Danny Wallace and the cold case of brinkmanship at the Tesco car park
Danny gets in a little spot of bother
A man keeps beeping his horn at me.
It’s like he’s using it as his own bleep button, censoring the furious words that are also coming out of his mouth.
“I’m sorry!” I try to mouth, but he’s having none of it. He is furious that I kept him waiting because I didn’t know if he was letting me in or not. It was a classic ‘after you’ moment that has backfired badly. He seemed to be letting me go first, but then he didn’t want me to go first. His face is puce now, because I’m apparently driving too slowly, and when he’s not hitting his horn he’s hitting his steering wheel.
Well, swear away, Sweary Simon (sorry if this is offensive), for all it’ll do is delay you!
Why? Because his outrage causes me to slow my car right down – right down to what you could call a legal ‘pootle’ – and I now raise my eyebrows and give him a slow shake of the head in the rear-view mirror. As someone who has written a whole book on rudeness, I should really not be behaving in this highly provocative manner, but it’s vital that he now think I pity him.
Beeeeep! he goes again, and he is going absolutely mad in there. He looks like the coyote once again outsmarted by Road Runner. Although for that analogy to truly work, it should be me going beep beep.
But as we roll through the streets, and turn left together, then turn right together, I begin to slowly realise something: either this man is now following me, or we are going to the same place.
Uh-oh. We’re going to the same place. He must have realised this too, because he’s stopped beeping now. He’s dropped back a bit as well. I speed up a little and sit up in my seat. I glance nervously at him in my mirror. If this was a sitcom, it would turn out he was my new bank manager, or the local vicar. The truth is more mundane. It’s Saturday and we’re both off to Tesco.
This will be problematic for three main reasons.
1) We’re both going to get out of our cars in a minute.
2) We have both started to pretend we want confrontation. Him with his swearing and honking, and me with my sneery, patronising behaviour. He has the makings of a maniacal dictator who might at any moment order a military parade to show off his might, and I am the arrogant Western elite.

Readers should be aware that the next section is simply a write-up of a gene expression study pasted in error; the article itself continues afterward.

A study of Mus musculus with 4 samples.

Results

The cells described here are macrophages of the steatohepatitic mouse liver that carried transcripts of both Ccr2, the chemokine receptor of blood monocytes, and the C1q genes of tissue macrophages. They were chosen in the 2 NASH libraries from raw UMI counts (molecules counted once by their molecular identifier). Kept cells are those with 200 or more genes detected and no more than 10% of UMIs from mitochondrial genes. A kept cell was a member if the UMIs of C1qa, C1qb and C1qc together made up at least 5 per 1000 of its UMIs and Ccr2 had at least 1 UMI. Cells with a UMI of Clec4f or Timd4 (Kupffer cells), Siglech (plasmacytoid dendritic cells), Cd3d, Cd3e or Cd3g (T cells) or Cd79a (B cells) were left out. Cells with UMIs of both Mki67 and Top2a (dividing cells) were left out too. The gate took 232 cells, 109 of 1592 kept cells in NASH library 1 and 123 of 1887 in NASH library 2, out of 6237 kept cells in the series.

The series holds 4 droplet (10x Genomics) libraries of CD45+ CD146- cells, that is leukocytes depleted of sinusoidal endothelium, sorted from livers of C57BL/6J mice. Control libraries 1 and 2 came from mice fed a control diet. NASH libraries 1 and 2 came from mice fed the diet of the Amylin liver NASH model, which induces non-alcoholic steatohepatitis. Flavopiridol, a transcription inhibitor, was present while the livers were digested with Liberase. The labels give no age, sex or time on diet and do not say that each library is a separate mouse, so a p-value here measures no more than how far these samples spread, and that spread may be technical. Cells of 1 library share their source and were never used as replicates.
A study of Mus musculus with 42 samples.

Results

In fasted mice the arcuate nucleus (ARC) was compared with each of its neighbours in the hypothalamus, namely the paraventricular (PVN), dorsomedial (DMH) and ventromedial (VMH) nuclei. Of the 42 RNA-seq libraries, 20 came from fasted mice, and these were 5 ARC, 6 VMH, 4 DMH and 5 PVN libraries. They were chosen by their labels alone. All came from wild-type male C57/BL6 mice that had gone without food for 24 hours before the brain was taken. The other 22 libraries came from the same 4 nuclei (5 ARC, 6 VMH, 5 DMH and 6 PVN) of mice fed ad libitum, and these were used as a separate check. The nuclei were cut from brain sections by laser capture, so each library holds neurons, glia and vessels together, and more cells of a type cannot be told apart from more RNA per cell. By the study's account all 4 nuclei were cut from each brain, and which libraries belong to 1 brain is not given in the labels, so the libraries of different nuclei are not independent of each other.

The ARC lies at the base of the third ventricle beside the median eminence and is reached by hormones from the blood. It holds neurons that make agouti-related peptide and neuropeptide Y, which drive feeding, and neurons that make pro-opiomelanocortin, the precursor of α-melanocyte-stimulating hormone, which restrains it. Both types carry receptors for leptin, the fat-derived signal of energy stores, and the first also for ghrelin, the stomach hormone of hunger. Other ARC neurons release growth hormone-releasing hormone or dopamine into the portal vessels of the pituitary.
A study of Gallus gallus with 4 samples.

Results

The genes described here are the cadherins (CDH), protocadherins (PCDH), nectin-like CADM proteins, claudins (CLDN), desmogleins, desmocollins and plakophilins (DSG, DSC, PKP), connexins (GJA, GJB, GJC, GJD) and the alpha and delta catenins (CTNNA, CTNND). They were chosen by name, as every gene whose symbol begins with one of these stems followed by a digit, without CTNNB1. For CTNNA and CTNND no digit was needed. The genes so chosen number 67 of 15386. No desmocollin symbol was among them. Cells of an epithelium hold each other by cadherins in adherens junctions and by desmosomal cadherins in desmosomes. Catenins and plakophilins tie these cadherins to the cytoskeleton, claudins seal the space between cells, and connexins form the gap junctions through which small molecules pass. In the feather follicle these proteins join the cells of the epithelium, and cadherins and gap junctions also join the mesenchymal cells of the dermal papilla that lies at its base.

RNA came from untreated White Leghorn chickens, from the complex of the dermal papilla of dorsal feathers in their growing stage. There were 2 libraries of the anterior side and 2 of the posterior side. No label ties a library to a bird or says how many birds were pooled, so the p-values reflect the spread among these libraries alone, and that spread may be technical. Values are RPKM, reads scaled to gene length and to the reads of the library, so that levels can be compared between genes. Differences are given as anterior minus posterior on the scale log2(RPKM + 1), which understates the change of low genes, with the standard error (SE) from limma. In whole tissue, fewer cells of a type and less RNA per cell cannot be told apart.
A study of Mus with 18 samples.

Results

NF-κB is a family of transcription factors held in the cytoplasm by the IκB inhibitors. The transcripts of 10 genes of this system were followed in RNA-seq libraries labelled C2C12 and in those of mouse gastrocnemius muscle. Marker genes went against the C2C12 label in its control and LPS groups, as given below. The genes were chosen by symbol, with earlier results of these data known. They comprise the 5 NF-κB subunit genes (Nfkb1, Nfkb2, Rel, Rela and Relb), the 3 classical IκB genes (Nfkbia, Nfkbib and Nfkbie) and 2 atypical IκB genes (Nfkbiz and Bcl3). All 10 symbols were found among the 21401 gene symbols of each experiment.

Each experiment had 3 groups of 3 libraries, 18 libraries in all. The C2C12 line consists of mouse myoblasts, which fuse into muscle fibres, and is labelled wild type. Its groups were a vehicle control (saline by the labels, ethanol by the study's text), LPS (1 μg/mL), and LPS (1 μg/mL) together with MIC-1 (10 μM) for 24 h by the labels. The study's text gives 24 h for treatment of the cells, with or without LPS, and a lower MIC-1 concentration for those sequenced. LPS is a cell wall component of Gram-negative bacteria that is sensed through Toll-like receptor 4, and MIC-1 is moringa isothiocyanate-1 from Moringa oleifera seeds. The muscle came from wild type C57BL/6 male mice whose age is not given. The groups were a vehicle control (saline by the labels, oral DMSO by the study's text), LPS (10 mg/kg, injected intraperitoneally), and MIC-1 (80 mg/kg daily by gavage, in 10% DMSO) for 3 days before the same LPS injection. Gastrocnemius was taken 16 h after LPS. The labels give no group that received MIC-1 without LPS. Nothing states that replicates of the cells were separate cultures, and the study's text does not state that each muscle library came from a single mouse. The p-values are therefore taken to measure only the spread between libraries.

3) Neither of us is likely, on closer inspection, to be the sort of man who would go through with a fight in a supermarket car park based solely on one minor traffic disagreement, but it is vital that we both now pretend we are precisely the sort of men who would welcome this escalation for almost no reason whatsoever, simply in order to maintain our own sense of superiority. This is precisely how nuclear stand-offs begin.
But I frown upon nuclear stand-offs. And look – I tried diplomacy; I tried to mouth the words, “I’m sorry!” after his misfired ‘after you’ but he was having none of it. His failure to let me go first means we’ve engaged in dangerous brinkmanship, pushing each other’s buttons and finding ourselves in a Cold War we each blame the other for.
We’re at Tesco. The car park.
It’s rammed. We both know we want to find spaces miles away from each other.
“Oh God,” I think. I’m going to have to work on my walk. We both are. We’re going to have to puff out our chests and swagger to the automatic doors. Then immediately speed up and peg it round that shop like we’re on Supermarket Sweep.
He parks a row away from me. He swung his car into his space a little too quickly, trying to send a message that he is not fussed about me and therefore can drive his car quickly. I slowly positioned mine, trying to show him I am confident enough to park slowly and have no need of impressing him. I hope it impressed him.
Then we open our doors almost simultaneously, both pretending we’re not keeping an eye on the other. This is it. And then – YES. The pressure is too much for him. He buckles. He pretends to dawdle. He’s acting like he’s spotted a mark on his car which he has to stand there and rub off. He is play acting!
“Hahaha!” I think. “I am the real man! Victory!”
I swagger towards the automatic doors, but it is like my swagger has given him new anger. He begins to walk towards the doors too. I quicken my pace so we do not arrive there together. But he has already quickened his, in order to overtake me. He is too slow. I am already there. I am about to enter Tesco before another man and this is the greatest day of my life!
But wait, Danny. Think of the fallout. The endless jangling nerves every time you round an aisle and see him there again. The tensions at check out. And what if we end up driving home together, too?
“After you,” I say, turning, and letting him go first.
“Thanks,” he says.
And that is how you let someone go first.